Only days would pass before I'd find myself back in Madera Canyon. It was inevitable. It has been a very active summer for birders here in Southern Arizona. Many are trying to find some rather difficult birds in our very trying Arizona heat. Mix it up with some crazy monsoon weather along with our active wildlife and as they are finding......it's a vacation they won't forget anytime soon:) So as Kathleen and Zeke left for our southern mountains, young birders Walker and Dalton arrived to find several lifers of their own.
|male Broad-billed Hummingbird|
|male Brown-headed Cowbird|
|Overlooking the California Gulch|
When I spot one of these rare beauties, I document the time and place with a photo. I make sure that they are safely off the road before leaving the scene. And that means just watching to make sure it crosses. I do not carry them and as you'll find out there's a reason why. This tortoise was on a very quiet road and was safe from getting hit by a car.
|the ancient Desert Tortoise|
But the real story isn't about any of us. It's about the father/son team we met. Enter James and Monroe McKay. James, who is recently retired, is traveling around the ABA world with his 87 year old father. Together they are accomplishing amazing things. Their one rule? Father and son must BOTH see or hear the bird before they can count it. Night birding operates primarily with the use of our ears. If we are lucky, we will just see the shadow of the bird fly around us. If we can ID the call, we can count the bird. Well, his father could not hear the soft "laughing" of the nearby Elf Owls. Birders united to help both these men see the owl.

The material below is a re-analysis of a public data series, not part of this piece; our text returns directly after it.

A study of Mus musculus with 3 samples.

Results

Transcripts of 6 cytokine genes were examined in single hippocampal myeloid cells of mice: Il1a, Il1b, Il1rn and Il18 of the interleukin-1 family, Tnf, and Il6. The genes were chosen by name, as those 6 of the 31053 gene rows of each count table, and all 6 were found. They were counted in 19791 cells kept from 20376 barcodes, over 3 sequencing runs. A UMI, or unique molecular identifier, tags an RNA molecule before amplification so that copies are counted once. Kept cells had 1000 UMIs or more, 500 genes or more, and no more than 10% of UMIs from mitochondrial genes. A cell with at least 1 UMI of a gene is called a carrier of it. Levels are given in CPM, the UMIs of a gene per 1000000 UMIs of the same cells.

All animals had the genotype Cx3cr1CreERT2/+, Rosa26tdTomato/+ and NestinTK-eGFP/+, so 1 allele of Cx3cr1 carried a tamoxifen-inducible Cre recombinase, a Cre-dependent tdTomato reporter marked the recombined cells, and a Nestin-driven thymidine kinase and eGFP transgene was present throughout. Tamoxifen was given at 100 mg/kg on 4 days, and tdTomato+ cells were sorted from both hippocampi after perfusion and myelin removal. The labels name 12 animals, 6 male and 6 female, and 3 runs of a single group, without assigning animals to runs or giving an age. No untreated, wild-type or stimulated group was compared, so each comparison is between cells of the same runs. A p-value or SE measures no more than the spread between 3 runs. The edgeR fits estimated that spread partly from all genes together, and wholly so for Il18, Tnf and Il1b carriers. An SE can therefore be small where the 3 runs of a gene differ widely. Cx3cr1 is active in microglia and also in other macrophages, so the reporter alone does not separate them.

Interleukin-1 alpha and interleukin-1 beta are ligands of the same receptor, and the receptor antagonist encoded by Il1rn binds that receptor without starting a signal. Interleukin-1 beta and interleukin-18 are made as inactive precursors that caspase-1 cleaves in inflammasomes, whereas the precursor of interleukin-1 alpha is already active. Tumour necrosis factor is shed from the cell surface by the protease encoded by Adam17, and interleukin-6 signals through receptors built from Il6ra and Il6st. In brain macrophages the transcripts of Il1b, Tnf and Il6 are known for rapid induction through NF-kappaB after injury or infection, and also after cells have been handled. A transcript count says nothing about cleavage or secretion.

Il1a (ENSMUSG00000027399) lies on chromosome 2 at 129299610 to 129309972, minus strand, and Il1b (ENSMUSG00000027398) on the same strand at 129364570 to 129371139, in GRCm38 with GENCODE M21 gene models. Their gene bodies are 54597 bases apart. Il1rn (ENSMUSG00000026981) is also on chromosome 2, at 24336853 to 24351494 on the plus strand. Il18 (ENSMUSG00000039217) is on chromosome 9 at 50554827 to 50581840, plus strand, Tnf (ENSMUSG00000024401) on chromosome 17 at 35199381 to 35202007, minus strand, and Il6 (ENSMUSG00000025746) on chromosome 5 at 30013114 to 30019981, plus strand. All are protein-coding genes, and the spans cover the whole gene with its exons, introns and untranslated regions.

|Here are some hardcore birders. From left to right, James and Monroe McKay and Walker and Dalton Noe|
And within moments, we had the world's tiniest owl pass through the mesquite tree next to us where it was hanging out with some juveniles on a branch. Mission accomplished. They moved on their way until their "laughter" disappeared further down into the canyon. While we waited for the night sky, I learned much about their wonderful adventures across the country. It is an amazing accomplishment!
On a final note, since we are heading into September in a few days, my North American bird tally is at 493 for the year. My latest addition is the Sabine's Gull. There are a few that are currently migrating through the state of Arizona thanks in part to the active monsoon weather patterns here this year. I will say this about August. It has been a long and tough month for me as a birder. My energy levels are waaaaay down now that work is here again. Plus the heat makes everything so much more difficult. In the days ahead, we will be exploring a lot more of the wild wild west. I am looking forward to these treks with great anticipation. Not only will the birds be great, if we find them, but the landscape and temps alone will make the trekking so much more fun. And perhaps we'll meet a fellow blogger or two along the way:) Stay tuned for more....
For more about birds check out Wild Bird Wednesday(link on the left side top) and Anni's I'd-Rather-B-Birdin'.